If a United Stated Postal Service pitch to eliminate Saturday delivery goes through, consumers could see bigger bills — even as it takes them a few extra days to arrive.

Earlier this week, Postmaster General Patrick Donahoe told USA Today that a projected $8.3 billion loss in revenue this year could force the end of Saturday delivery. He told the paper that he thinks Congress might be more amenable to the strategy — which could save $3.1 billion a year — given the federal debt and budget problems.

Consumers are likely to find expedited shipping for online orders more attractive if there are fewer delivery day options, says L.J. Shrum, chair of the marketing department at the University of Texas, San Antonio. The extra cost seems more reasonable if it gets a purchase to you by Friday, instead of three days later on a Monday. It also increases the attractiveness of free-shipping clubs like Amazon Prime, Barnes & Noble and, which include faster shipping options as a benefit to members who pay an annual fee. Retailers have already begun adding new services (and charges) for same-day home delivery.

Another pitfall: the temptation to stock up. Consumers faced with the choice to return their Netflix or Blockbuster mail-in rentals by Wednesday or miss out on weekend movie watching might decide to increase their subscription instead, Shrum says.

Some of the added costs would come from retailers, too, if the lost day shifts order patterns enough to slow processing times or prompt a renegotiation with shippers, says Luke Knowles, the founder of free-shipping-focused site “We might see online retailers promoting [Saturday delivery from] FedEx and UPS delivery a little more,” he says, or programs that ship online orders to stores for free, as a way to cut costs.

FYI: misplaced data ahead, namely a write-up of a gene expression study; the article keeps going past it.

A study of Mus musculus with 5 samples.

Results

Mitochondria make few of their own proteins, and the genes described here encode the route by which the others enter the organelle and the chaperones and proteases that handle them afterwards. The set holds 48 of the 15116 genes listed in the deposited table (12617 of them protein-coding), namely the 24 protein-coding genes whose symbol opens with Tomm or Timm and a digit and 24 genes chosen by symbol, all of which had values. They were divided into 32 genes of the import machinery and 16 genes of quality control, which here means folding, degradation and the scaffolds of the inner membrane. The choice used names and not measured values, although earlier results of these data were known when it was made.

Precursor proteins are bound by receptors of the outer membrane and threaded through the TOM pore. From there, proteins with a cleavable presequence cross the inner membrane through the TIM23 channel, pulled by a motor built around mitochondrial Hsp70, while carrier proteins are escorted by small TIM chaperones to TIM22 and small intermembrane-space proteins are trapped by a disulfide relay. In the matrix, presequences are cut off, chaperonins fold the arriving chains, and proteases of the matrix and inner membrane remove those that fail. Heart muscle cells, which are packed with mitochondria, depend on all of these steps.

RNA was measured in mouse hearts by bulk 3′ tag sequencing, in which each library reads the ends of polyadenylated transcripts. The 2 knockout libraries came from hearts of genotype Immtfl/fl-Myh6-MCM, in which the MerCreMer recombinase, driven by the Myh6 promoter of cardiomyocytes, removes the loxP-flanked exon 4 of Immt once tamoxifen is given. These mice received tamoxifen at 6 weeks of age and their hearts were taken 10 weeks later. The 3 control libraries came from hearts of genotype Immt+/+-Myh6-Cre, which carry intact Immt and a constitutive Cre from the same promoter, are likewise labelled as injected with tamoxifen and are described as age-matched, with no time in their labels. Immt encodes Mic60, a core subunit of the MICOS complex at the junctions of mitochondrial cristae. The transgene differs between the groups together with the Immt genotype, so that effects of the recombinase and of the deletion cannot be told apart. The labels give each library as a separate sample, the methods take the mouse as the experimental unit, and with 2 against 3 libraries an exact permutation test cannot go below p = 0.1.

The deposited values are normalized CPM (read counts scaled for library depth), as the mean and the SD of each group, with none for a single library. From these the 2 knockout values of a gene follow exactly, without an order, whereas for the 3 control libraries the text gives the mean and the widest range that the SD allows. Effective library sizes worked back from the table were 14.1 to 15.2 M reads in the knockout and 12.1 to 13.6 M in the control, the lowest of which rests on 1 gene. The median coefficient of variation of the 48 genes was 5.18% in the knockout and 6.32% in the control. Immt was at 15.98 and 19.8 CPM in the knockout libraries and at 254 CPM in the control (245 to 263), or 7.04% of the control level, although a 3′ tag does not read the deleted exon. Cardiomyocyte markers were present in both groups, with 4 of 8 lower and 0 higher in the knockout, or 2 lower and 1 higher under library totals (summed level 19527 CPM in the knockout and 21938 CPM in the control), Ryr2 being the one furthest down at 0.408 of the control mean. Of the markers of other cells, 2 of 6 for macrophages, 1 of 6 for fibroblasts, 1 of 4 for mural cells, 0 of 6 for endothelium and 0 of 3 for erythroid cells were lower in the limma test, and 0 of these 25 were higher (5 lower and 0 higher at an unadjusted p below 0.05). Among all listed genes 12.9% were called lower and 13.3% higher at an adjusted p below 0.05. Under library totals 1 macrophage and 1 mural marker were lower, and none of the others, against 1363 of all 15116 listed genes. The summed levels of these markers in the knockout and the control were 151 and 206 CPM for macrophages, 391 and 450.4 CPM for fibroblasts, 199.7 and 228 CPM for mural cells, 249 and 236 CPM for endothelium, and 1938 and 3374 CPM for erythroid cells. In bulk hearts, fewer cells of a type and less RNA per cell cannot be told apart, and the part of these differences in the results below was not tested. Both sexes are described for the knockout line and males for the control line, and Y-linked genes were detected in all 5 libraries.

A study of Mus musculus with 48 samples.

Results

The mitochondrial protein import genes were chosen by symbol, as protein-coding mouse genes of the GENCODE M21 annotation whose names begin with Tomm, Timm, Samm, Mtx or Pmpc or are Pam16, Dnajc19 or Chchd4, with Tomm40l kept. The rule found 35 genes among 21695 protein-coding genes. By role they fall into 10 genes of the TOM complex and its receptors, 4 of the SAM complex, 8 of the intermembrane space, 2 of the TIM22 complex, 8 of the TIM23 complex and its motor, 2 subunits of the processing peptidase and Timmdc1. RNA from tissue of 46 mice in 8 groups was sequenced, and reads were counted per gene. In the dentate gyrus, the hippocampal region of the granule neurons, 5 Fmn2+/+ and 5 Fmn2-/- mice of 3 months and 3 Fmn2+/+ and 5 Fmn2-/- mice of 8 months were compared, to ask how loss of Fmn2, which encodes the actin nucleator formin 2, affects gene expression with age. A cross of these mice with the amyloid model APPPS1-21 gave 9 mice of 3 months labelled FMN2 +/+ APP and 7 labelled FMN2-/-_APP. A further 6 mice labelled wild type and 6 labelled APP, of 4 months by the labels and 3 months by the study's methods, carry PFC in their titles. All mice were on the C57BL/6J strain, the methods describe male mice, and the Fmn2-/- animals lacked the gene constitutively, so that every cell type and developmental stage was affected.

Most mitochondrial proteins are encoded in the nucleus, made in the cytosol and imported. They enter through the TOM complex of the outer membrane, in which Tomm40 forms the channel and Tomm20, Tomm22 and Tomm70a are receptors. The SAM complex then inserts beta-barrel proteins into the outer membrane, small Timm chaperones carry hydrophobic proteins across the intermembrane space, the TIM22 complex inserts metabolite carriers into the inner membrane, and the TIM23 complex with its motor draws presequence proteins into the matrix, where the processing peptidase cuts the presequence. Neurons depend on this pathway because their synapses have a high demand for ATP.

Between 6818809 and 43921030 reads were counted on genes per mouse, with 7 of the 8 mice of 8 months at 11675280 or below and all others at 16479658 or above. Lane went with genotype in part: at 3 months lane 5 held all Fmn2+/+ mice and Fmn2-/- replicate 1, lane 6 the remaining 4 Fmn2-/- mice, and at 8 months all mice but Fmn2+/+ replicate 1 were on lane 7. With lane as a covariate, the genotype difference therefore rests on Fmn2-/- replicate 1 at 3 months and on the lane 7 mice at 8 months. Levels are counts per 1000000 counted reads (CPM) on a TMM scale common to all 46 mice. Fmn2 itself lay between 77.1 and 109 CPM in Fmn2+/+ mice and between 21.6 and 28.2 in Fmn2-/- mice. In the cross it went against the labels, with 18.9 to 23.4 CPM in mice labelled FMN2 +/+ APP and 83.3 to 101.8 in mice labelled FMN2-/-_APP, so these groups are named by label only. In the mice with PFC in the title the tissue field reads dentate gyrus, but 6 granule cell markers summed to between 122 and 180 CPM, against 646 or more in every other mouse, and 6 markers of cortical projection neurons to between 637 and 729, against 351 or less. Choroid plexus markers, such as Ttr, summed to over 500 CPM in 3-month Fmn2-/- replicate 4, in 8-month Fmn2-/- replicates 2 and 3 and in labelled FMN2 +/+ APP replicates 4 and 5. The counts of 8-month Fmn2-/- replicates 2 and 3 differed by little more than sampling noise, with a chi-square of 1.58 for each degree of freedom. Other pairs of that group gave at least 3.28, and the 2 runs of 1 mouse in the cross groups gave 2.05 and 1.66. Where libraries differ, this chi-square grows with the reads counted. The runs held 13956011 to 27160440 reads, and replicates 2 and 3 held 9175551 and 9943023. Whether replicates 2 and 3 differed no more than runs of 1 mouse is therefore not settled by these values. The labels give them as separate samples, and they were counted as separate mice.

Pay Dirt readers, how would a cutback in postal service affect your spending habits?




    • I get mostly junk mail at home. Everthing else is electronic so I would prefer not getting Saturday mail. It would save USPS money and tons of gas/pollution.

    • The postal service can’t continue for long with the restrictions imposed by congress. This is just the beginning of the total elimination of the postal service in the name of privatization.

    • Somehow I fail to see this as progress (financial or otherwise) for the USPS and may only increase their problems. For example, if I find their service less accessible I also consider it less reliable to satisfy my needs. Will this not be a “set up” for further deterioration on the USPS side and encourage further expansion on the UPS/FEDEX, etc. side? In any case, I don’t like it.

    • Less spending on postal delivery, more on UPS/Fedex=higher prices. The Obamaites will traet the higher prices as lower inflation in their anti-middle-class oppression. Surely the quality of life will FALL, to be treated as a “hedonic improvement” in the totalitarians’ official non-rising CPI.